When I was in high school in the 80’s, nobody was out of the closet. There were people you might have guessed were gay — gaydar is a thing after all. But no one was willing to admit it.
Growing up in a Texas suburb, being queer wasn’t safe.
Everyday life was closely interwoven with the dominant religious doctrine of the area. And while teenagers would rebel with drinking or sex. Admitting you were gay was crossing an invisible line from safety to danger. And almost no one dared.
It’s no wonder I wasn’t able to consciously recognize my own queerness back then. On some level I knew I was a lesbian. I remember having an undeniable crush on a girl during my sophomore year. But I somehow rationalized it away because being gay just wasn’t an option.
I had been taught — and wholeheartedly believed — that being queer was fundamentally bad. My religious upbringing and the attitudes I saw in my home left no room to question my assumed straightness.
I didn’t find acceptance or safety with my peers either. The hatred that oozed from the queer slurs I heard in my high school hallways left no doubt. Admitting I was queer, even to myself, would have put me in danger.
But things are changing.
It’s true that political attacks on the queer community are off the charts these days. You can’t say gay in Florida. And we’re heading that direction here in Texas too — along with other right-leaning states. Anti-trans bills are becoming the norm in state legislatures all over the US. But that’s the politicians and loud extremists.
On the ground it’s a different story. My kids’ experience is dramatically different from mine. Teenagers at our local high school aren’t hiding their queerness from their friends. It’s still Texas, so many of them aren’t out to their parents. But they feel accepted by many of their peers.
And it’s not just here. Teens all over the country are speaking out and standing up for the queer community.
With the raging controversy over Florida’s “Don’t Say Gay” bill, high school students chose to rise up to protect and defend their queer peers. I could hardly believe it when I saw videos of the protests at Florida high schools. It healed something deep inside me. Seeing hundreds of kids draped in pride flags shouting “We say gay'' in support of LGBTQ+ students gave me hope. It showed me that acceptance is possible, even in high school.
Yes, the right wing politicians are doubling down. Yes, they’re going after queer (and especially trans) people. But I believe they’re fighting a losing battle. Aging politicians who are stuck in the past, romanticizing an imagined history of peace and tranquility won’t be around forever. There’s a crowd of younger people gearing up to take on the establishment and expand the rights of the LGBTQ+ community, along with all the other marginalized and persecuted humans.
My son is starting his freshman year at a college in Virginia. And when we attended orientation, queer acceptance was on display. I saw advertisements for queer clubs. I heard student orientation leaders talk about their queerness and how they feel supported on campus. There’s a dedicated LGBT Center. And in almost every single orientation session, staff and students alike introduced themselves with their name and pronouns.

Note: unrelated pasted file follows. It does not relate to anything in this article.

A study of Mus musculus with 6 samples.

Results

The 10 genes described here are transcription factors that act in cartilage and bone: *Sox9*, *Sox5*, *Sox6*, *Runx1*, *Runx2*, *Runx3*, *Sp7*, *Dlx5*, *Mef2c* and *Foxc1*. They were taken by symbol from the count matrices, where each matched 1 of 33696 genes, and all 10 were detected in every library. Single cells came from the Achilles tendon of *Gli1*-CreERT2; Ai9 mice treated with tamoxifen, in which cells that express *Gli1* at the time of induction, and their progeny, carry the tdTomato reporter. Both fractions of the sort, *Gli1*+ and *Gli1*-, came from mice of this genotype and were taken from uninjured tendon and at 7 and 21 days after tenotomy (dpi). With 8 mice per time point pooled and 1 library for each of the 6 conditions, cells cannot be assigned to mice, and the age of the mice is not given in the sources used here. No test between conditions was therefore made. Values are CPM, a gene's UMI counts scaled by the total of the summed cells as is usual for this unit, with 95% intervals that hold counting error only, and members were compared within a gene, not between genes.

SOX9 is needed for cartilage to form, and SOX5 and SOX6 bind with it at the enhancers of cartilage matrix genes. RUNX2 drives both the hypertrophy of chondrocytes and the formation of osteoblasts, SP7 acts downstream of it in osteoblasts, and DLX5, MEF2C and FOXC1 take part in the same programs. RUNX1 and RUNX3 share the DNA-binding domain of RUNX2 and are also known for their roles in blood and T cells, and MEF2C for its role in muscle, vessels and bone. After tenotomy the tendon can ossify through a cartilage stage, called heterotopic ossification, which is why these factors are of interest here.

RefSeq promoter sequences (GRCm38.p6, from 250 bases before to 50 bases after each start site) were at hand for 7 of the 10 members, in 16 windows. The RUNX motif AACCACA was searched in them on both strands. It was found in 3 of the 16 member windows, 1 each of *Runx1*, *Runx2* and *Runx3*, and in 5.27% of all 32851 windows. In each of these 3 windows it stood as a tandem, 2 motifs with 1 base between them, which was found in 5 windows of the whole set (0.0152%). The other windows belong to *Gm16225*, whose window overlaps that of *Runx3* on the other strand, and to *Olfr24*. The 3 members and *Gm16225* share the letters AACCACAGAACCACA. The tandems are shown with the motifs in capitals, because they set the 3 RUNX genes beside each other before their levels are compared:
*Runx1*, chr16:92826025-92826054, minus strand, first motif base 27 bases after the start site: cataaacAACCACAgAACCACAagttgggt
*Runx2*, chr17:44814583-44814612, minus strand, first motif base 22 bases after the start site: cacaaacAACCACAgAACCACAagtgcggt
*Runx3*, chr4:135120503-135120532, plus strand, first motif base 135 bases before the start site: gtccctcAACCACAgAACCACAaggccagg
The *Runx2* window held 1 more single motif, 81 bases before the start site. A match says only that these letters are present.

My kids and the generation that follows will inherit a lot of messes. But I have hope for them and their future. I see my kids and their friends living their lives authentically, even as teens. I see queer and trans students comfortable with being out at school and around their friends. I see a growing appreciation of individuality — even here in suburban Texas.
As Pride flags fly high and the rallying cry of 'We say gay' resounds, my kids and their generation are ushering in a new era of acceptance and change.
Kathy Kiger is one of our OUTWrite Authors grads. If you feel like you have a book in you, considering joining an all queer cohort for nonfiction writing. OUTWrite Authors is an eight-week course for book-curious AND book-ready LGBTQ+ authors-to-be that gives you the tools you need to raise your voice and write a nonfiction book that makes an impact.
Are you book curious or book ready? Find out more at www.OUTWriteAuthors.com
About the Author
Kathy Kiger is a marketing strategist and copywriter who helps queer businesses and entrepreneurs build and connect with their ideal audience. As the CEO of Kathy Kiger Agency, she writes blogs, emails, and website copy for entrepreneurs, coaches, and small businesses. Kathy also offers copy coaching for business owning badasses who prefer to DIY their marketing.
Kathy was raised as an evangelical Christian and dutifully followed all the rules and expectations — from homeschooling her kids and baking her own bread, to suppressing her sexual orientation for decades.
Married for almost 15 years, and then divorced for 10, Kathy finally had her holy shit I’m a lesbian moment in early 2021. Kathy is now living in her queer joy as a cat-owning-dog-person and single mom to 4 adult and teen kids.
Kathy is the creator behind the Better Late Than Straight blog where she shares her own insights as a late-blooming lesbian, along with resources, and the stories of other women who have embraced their queerness later in life.
You can hear Kathy on podcasts like Coming Out With Lauren and Nicole, The Coming Out Late Podcast, and Redefining Family. You can follow along with Kathy’s Better Late Than Straight journey on Instagram.